Schuyler votes to limit photography, recordings

WATKINS GLEN--At the Monday, Jan. 9, meeting of the Schuyler County legislature, lawmakers approved several resolutions, including a local law that now regulates photography, electronic recording, and/or audio-visual recording in Schuyler County facilities.
The resolution comes after an online videographer visited the county in October, along with many others, to film both indoor and outdoor public areas including the sheriff's office and county building.
The practice is often referred to online as a First Amendment audit, and can get reactions from public officials that range from ambivalence to threats of arrest. Although the actions can be disruptive, citizens generally can film or photograph a wide variety of public places. Many of the "audits" involve law enforcement officers, some having a very strong understanding of the rights of citizens, to others that say filming is prohibited in areas where it is not. Some of the videos demonstrate a clear lack of training on the First Amendment by officials, while others appear to serve only as click-bait to garner as many views as possible on video platforms that may monetize the work.
"I understand being recorded might make people uncomfortable, but it's a first amendment right," said Legislator Mark Rondinaro, who was the only legislator to oppose the resolution. "This is the equivalent of prohibition on filming and audio. I believe that within reason, our default should be to allow observation and recording of public officials unless there's a provable threat."
The law, according to County Attorney Steven Getman, was drafted in consultation with the New York State Office of Court Administration.
The county operates three facilities: the courthouse, the human services building, and the public health/mental health building. These facilities, he said, house sensitive, confidential and protected information.
"The regulation recognizes and promotes the need to protect information of county citizens," said Getman. "The regulations exempt and allow recordings in open meetings, the courthouse steps, parks and other outdoor spaces. We are preserving the privacy of child victims, social services clients, pistol permit holders, and domestic violence victims."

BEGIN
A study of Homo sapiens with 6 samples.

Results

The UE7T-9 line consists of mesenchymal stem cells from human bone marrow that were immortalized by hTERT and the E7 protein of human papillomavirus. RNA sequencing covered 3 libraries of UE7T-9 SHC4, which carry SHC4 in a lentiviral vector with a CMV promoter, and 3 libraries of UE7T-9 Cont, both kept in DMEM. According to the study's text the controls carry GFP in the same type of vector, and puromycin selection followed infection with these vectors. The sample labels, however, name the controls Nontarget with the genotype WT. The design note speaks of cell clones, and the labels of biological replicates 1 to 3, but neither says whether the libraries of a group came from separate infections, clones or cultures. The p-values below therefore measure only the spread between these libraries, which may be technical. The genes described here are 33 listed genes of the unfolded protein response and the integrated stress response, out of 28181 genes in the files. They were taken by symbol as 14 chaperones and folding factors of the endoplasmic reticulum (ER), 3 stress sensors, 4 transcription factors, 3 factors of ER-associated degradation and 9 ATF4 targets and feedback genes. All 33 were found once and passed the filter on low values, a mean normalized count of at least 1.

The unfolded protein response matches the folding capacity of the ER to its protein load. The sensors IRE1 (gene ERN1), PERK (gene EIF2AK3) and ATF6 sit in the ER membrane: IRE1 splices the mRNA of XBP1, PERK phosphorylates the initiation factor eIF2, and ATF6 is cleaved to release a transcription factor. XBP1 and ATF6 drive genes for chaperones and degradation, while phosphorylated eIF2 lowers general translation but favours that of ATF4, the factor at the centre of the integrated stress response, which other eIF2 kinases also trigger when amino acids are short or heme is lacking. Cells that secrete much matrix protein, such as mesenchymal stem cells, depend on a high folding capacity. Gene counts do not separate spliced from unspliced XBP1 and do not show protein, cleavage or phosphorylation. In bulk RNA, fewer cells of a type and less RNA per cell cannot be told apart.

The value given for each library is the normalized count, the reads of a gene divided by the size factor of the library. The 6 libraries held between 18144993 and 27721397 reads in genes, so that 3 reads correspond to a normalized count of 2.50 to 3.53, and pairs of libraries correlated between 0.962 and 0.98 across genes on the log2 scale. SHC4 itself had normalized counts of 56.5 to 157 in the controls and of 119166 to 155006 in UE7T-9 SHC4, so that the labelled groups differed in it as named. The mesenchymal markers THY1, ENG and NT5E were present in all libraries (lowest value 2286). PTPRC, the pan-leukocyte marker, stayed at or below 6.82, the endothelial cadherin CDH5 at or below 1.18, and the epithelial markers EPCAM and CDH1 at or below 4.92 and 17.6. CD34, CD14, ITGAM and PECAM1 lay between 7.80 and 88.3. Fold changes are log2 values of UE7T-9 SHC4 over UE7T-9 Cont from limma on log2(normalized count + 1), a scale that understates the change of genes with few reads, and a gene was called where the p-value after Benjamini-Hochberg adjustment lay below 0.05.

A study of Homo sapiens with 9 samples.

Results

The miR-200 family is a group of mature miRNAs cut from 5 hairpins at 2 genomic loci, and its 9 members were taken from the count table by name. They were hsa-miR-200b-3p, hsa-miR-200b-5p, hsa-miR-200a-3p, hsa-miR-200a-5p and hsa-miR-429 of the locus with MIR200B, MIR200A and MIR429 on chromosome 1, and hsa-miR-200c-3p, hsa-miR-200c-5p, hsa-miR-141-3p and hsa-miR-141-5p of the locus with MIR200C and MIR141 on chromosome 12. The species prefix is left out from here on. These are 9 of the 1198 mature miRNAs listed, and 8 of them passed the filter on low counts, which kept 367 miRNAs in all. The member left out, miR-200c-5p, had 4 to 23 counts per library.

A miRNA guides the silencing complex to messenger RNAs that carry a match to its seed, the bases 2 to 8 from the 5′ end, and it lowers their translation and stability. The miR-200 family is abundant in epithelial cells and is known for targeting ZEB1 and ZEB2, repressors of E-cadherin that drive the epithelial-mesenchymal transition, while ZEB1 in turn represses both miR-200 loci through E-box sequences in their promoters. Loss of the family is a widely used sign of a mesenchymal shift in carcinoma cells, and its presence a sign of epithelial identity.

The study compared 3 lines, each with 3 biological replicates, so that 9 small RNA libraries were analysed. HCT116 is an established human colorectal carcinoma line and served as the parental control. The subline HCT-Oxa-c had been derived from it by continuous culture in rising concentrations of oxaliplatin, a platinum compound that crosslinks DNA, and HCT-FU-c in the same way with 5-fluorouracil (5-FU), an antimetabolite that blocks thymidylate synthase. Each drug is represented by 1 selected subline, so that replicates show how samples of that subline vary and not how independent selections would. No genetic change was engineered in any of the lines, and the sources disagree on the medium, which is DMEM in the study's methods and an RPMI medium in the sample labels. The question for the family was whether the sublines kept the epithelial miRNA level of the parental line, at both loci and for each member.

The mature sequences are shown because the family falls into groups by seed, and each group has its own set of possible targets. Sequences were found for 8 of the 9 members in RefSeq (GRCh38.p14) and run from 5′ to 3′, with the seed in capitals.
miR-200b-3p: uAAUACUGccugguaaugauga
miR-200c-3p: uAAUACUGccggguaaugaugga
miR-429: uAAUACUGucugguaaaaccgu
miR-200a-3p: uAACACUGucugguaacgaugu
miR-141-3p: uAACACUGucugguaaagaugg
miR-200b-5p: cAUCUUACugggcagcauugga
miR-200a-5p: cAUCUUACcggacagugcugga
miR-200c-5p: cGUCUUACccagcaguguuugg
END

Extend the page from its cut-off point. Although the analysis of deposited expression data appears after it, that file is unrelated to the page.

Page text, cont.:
Violating this law is a misdemeanor. A written application to film or photograph will be available through the Schuyler County Administrator for areas that are regulated.
In other news, County Administrator Fonda Chronis reported on sales tax thus far for the year 2022, projecting that the final number will likely be around $14.8 million, which is approximately a 5 percent increase from 2021. The 2023 budget projected $14.1 million in sales tax revenue. Although the bed tax revenue numbers are not finalized yet, Chronis also expects an increase from 2021 numbers.
Chronis shared that during the first week of January, Cayuga Health Transport answered 53 calls plus one non-emergency transport.
"If you take out the mutual aid calls, the average travel time was 6:55, which I think is really outstanding," said Chronis. "71 percent of calls were under the 8-minute travel time. We're at February's performance levels in January, the first week."
Chronis explained that progress has been made on getting the Medicare number.
"Internally, we've been able to connect with someone in Medicare," said Chronis. "We have a name and contact phone number. They've received the application. There were two pieces of information that needed to be supplemented. We've already provided one of those, and the second we hope to have tomorrow. At that point and time, they will have everything they've asked for. They know our situation, and the person on the other end of the phone said she would do everything in her power to expedite things. So I think we're in as good a position as we could be."
Chronis also shared information about a press conference scheduled for Jan. 12, at 1 p.m., at the Performing Arts Center (Middle School Apartments) auditorium with Senator Thomas O'Mara and Assemblyman Phil Palmesano.